I was sitting next to my 92-year-old mother while she ate lunch in the dining room of her assisted living facility. She sat in her wheelchair smiling, pleased that I was there, while I made conversation with the three other ladies at the table.
Since her recent health troubles, my mother\’s English has all but deserted her, but that doesn\’t keep her from addressing those around her in a hybrid of English, Spanish and Catalan. The ladies at her lunch table find her mysterious, to say the least, so they were taking advantage of my presence to get some context that would help them make sense of my mother.
I was doing my best, enunciating in case they were hard of hearing, making eye contact with each lady in turn, explaining how things were, when my mother put her hand to my hair and brushed it away from my face.
I pushed her hand away.
My mother has been pushing my hair off my face for as long as I can remember. She has pushed the hair off her grandchildren\’s face. And, if she had access to them, she would do the same to her great-grandchildren.
For this, she offers vaguely phrenological explanations about the significance of a \”wide forehead,\” which supposedly bespeaks intelligence, nobility of character, and beauty as Aristotle conceived it. She never did accept my protestations that intelligence and nobility of character aren\’t necessarily cute or sexy. She remained adamant on the virtues of the \”frente despejada,\” the unencumbered brow.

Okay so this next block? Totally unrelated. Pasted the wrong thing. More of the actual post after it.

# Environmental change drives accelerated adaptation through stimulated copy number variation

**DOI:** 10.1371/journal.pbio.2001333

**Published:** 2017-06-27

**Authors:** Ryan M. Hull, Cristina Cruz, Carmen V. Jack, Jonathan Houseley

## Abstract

The only explanation I can find for this is that the movie stars of her adolescence, Marlene Dietrich and Ava Gardner, boldly bared their desert-like expanses of forehead to the world. But I belong to the school of Colette, who said that a face, like a fruit, needs foliage around it to set it off to advantage.
But still. Here was my mother, 92. Here was I, not all that much younger. Furthermore, I was on an errand of kindness and mercy, determined to be utterly sweet and compliant and non-confrontational for the 48-hours I would spend in her presence. And the minute her hand touched my hair–well, I didn\’t exactly swat it away, but the swatting feeling was there.
Why didn\’t I let her brush back my hair? Why didn\’t I let her dazzle her tablemates with the sight of my broad and noble forehead? Why did I deny her that microgram of happiness?
I learned in Catholic school that a sin requires an act of the will. So I can hardly call that quasi-swat a sin–it was more a spinal reflex. But it was a reflex born of a lifetime of daughterly opposition, rebellion, resentment.
I don\’t even blame myself for those, really, for without them I would never have become a person.
But I am disappointed that, despite the years and experience that I drag behind me like those carry-on bags on wheels, I saw my mother\’s liver-spotted, knobby, blue-veined hand reach towards my hair, and I pushed it away.